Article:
Have you ever had an important phone call and right after hanging up you mumble to yourself, “What the hell did I just say?”
Singing to Jesus Christ Superstar’s Everything’s Alright is probably what I’d do in order to cope, but don’t dwell on it because you’re not the only one who’ve endured those hellish calls. There’s a ritual when it comes to phone conversations and you don’t want to mess up, especially with somebody important. To avoid being doomed, be prepared before making that call by knowing whom you’ll be speaking to and what’s to be discussed.
First things first: make a list of topics you want to talk about. Having this at hand during calls is highly effective; it’ll prevent you from being disorganized and going over what’s already been mentioned. Play it safe by having one handy because you don’t want to seem all over the place.
To make matters worse, it’s possible to forget good ideas worth talking about and having a check off list will save you the hassle of making that second call that starts with, “I forgot to mention…”
Get to the point
Once the conversation is rolling don’t let it stop. Go beyond the basic greetings and do a little bantering depending on how well you know the person. Ask about their family, events they’re affiliated with or whatever you think may be of interest to them. This ice breaker makes the chatter slightly more laid back. Also, don’t fake it because people will smell that over the phone. I’d say keep it under three minutes or judge the situation to see if it’s an appropriate time to talk further. Warm up the conversation but remember to keep it sweet and short.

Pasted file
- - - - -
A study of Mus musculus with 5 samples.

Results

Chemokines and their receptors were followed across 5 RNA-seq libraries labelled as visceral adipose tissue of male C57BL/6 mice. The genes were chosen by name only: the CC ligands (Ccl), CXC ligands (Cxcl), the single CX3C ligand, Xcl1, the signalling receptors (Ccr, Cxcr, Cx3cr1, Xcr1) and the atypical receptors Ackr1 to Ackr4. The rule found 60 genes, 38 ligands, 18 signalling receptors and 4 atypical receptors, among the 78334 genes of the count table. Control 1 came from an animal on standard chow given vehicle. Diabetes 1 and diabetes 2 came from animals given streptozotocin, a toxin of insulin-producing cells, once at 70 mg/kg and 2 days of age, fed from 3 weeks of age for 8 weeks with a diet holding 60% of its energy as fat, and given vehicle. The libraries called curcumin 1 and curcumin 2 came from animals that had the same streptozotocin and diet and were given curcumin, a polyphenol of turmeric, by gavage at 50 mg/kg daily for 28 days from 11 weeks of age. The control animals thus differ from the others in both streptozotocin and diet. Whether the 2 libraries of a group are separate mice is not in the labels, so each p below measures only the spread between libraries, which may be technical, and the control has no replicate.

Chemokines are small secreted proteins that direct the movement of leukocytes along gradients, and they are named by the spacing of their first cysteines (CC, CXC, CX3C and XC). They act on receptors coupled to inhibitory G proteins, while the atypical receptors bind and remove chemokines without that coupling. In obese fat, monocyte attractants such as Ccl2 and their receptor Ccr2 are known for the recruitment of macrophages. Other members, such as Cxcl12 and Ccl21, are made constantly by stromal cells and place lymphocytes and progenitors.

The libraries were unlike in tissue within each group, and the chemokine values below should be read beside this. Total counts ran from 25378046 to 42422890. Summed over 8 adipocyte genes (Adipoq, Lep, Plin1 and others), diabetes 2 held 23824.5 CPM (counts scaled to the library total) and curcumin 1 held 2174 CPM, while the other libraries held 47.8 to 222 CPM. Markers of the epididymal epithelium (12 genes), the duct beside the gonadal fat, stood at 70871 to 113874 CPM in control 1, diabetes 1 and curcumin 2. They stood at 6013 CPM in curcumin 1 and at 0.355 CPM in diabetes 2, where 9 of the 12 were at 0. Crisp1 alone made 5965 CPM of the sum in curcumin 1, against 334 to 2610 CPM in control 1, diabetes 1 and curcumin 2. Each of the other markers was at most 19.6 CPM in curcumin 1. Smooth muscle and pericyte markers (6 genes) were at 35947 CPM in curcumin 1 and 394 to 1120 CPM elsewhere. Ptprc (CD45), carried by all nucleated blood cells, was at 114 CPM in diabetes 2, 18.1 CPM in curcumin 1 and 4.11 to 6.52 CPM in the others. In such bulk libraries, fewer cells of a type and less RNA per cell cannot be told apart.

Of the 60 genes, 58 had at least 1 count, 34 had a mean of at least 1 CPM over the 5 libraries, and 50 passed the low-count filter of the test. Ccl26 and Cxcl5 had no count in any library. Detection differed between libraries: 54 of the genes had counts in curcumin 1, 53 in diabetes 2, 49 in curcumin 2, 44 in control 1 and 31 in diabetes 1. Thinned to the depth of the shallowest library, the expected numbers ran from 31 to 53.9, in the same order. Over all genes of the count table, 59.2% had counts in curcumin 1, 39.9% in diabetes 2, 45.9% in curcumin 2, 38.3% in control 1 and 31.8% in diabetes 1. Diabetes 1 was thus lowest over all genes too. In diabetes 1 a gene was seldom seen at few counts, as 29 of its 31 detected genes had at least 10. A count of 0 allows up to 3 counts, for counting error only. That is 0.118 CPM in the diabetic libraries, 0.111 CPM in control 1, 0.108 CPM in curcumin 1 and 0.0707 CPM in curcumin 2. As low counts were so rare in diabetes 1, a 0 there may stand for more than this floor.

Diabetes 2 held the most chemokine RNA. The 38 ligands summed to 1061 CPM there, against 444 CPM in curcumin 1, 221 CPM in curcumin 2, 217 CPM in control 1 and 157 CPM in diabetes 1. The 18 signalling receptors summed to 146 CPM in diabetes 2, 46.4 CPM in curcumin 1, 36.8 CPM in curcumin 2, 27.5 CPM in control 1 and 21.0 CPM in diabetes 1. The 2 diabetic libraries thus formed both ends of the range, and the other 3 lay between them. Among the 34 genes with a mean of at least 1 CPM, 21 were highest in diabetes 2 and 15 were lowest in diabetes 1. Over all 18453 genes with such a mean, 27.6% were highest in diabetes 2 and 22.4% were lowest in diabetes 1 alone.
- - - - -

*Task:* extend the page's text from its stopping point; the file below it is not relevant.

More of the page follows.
The one thing people tend to forget, which is the sole purpose of their call, is to state what it is they want.
Be sure to get to the point and let others know why you’re calling. Establishing this early in the conversation provides you with more time to elaborate while they think of ways to help.
The worst thing you could do is talk pointlessly. Doing so leaves the person on the other end of the line to preoccupy themselves by tapping their pens or curling their hair while thinking of ways to ditch the conversation.
Be sure to know what it is you’re asking. Ask yourself: How close is my relationship with this person? Am I pushing it too far? It’s not like you’re rubbing a Genie lamp so be reasonable with requests. If you’re not close then look at the phone call as if you’re building a relationship. Sooner or later, with more networking, you’ll establish a connection with this person and it’ll be easier to make requests. It takes time for this to cultivate so patience is key.
Ain’t nobody got time for that!
Four words you don’t want to hear: don’t waste my time. Consider it a favour when somebody offers a chunk of his or her time to you. As mentioned earlier, get to the point and don’t talk aimlessly. Try asking questions and engaging your caller as this makes them more of a speaker than listener. Think of it as a friendly tennis match! Just relax and don’t worry about not knowing what to say because oftentimes when you stay quiet, the person on the other end will feel the need to fill the dead air. Remember, listening is better than talking.
If you’re trying to build relationships with people, the last thing you’d want is for others to screen your calls or dread picking up.
To put this in better perspective, picture a phone meeting as a trip to the supermarket. Frivolously spending money on unnecessary goods such as purchasing a bag of potato chips will do nothing but harm to the body. Now compare that bag of chips to the person who constantly over talks during a call. He or she gains nothing from rambling on; the only harm done is leaving a lasting impression on others of being nothing but a nuisance.